Political advertising: EU Parliament disagrees on personalised targeting of political messages
The EU Parliament’s Civil Liberties Committee (LIBE) will vote tomorrow at 12:00 to restrict the use of personal data to target online political advertisements to data explicitly provided for this purpose by citizens with their consent, excluding the use of behavioural and inferred intelligence on citizens. Due to a lack of political agreement there will be a separate vote (“COMP12a”) on whether the use of personal data to target political messages at large scale via direct letters, e-mail and text messages will be restricted or not. Patrick Breyer (Pirate Party and Greens/EFA LIBE negotiator) explains:
“The direct messages loophole would be bound to be exploited by anti-democratic and anti-european movements to manipulate elections and referendums by spreading disinformation and hatred tailored to each voter’s personality and weaknesses. Their online behaviour and habits right down to sexual orientation or religious beliefs could be exploited to target manipulative and false political messages, as happened in the Trump and Brexit campaigns. We cannot allow this Regulation to be circumvented by simply moving manipulative Facebook Ads to direct messages.”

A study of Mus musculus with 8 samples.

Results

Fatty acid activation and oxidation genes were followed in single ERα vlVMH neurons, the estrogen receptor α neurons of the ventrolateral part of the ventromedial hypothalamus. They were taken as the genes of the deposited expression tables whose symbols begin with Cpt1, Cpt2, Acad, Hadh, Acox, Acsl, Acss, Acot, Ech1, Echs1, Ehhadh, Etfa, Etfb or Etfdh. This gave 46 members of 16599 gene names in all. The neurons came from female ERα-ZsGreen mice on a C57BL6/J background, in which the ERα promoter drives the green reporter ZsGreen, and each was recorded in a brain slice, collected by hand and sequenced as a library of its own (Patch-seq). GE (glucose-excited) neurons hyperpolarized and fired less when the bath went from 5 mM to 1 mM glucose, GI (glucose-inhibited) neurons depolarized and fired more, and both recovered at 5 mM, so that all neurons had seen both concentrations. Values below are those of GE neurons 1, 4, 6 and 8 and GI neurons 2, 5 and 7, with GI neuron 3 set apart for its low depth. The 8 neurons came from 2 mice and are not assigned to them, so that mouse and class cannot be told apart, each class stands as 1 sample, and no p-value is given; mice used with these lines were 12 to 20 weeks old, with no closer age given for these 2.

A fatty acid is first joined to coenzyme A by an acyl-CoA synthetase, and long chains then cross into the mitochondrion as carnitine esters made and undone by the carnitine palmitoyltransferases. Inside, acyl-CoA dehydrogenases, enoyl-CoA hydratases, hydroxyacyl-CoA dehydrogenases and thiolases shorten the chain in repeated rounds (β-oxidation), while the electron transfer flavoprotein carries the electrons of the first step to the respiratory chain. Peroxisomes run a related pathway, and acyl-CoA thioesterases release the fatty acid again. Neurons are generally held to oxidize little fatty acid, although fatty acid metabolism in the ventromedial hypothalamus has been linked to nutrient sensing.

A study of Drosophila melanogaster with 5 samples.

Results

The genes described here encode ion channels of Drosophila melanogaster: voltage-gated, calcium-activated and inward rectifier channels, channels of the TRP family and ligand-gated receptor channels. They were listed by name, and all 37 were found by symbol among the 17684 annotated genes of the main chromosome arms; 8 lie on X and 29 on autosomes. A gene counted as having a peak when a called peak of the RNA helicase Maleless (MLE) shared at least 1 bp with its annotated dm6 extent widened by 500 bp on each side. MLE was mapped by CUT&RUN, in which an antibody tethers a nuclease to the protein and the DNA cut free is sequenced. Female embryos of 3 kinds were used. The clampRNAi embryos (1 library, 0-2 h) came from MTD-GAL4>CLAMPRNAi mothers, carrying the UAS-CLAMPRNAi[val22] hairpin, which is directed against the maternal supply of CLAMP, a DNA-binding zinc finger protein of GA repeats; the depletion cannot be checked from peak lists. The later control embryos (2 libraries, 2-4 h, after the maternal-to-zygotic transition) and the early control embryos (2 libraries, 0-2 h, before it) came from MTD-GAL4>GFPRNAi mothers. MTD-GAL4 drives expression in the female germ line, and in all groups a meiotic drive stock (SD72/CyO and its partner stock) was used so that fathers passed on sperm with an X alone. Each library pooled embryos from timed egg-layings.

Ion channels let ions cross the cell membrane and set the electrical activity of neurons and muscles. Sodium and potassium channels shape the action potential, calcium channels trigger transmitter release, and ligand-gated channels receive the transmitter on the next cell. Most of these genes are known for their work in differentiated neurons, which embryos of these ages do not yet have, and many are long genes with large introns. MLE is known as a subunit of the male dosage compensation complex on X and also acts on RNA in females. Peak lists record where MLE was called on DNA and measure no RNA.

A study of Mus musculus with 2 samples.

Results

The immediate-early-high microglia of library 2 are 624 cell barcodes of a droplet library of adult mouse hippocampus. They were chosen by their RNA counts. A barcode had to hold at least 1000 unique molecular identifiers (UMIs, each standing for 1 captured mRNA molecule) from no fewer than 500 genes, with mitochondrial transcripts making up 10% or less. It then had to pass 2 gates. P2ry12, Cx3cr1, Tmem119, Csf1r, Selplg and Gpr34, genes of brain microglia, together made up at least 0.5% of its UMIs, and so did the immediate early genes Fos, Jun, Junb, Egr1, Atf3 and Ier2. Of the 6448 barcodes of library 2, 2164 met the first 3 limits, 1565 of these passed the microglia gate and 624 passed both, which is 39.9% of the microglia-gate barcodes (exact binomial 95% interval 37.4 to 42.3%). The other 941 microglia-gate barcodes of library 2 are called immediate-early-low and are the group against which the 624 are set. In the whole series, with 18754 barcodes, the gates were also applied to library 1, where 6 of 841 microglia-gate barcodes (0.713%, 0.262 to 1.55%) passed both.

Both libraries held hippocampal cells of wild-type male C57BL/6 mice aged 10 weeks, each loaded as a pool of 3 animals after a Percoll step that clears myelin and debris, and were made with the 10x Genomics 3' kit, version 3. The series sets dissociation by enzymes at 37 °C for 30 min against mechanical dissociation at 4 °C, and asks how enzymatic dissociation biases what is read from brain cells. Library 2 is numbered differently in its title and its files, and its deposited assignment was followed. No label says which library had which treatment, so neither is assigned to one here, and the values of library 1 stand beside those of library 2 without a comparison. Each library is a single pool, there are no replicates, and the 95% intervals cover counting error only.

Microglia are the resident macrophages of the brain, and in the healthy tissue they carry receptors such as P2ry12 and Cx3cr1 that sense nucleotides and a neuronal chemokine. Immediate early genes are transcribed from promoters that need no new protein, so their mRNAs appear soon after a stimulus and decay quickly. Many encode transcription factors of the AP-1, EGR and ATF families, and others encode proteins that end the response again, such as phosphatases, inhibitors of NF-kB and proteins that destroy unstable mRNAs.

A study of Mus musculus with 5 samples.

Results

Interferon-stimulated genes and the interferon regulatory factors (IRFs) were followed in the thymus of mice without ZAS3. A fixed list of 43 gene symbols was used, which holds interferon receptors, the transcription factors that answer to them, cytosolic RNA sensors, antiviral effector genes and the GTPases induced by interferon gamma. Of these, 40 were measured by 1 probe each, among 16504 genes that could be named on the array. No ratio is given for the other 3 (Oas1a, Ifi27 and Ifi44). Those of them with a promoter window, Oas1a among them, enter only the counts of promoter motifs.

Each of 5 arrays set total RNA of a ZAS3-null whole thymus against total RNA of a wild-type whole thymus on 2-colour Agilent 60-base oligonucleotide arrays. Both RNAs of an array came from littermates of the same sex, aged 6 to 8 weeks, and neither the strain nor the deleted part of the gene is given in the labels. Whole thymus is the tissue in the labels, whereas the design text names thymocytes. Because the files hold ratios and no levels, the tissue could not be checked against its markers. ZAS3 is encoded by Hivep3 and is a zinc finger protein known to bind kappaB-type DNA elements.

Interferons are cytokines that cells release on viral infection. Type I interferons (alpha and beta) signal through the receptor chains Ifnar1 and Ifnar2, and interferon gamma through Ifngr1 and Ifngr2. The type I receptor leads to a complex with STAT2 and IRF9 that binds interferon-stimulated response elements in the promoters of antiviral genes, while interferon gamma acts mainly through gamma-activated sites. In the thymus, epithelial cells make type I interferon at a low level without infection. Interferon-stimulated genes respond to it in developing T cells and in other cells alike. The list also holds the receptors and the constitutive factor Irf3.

COMP12a reads: “When sponsors process personal data for direct targeted political advertising, such as sending targeted electronic mail or text messages, at large scale and on a systematic basis, the restrictions on targeting techniques in this Article and Article 12- shall apply, regardless of whether a service is involved or not.”
While there is political agreement on a so-called recital 47h to this end, the Legal Service has questioned this week whether a recital would be able to override the operative text, and recommends changing it. The targeting rules (Articles 12- and 12) are to apply only where external “political advertising services” are used, thus excluding letters, e-mail and text messages sent directly by campaigns.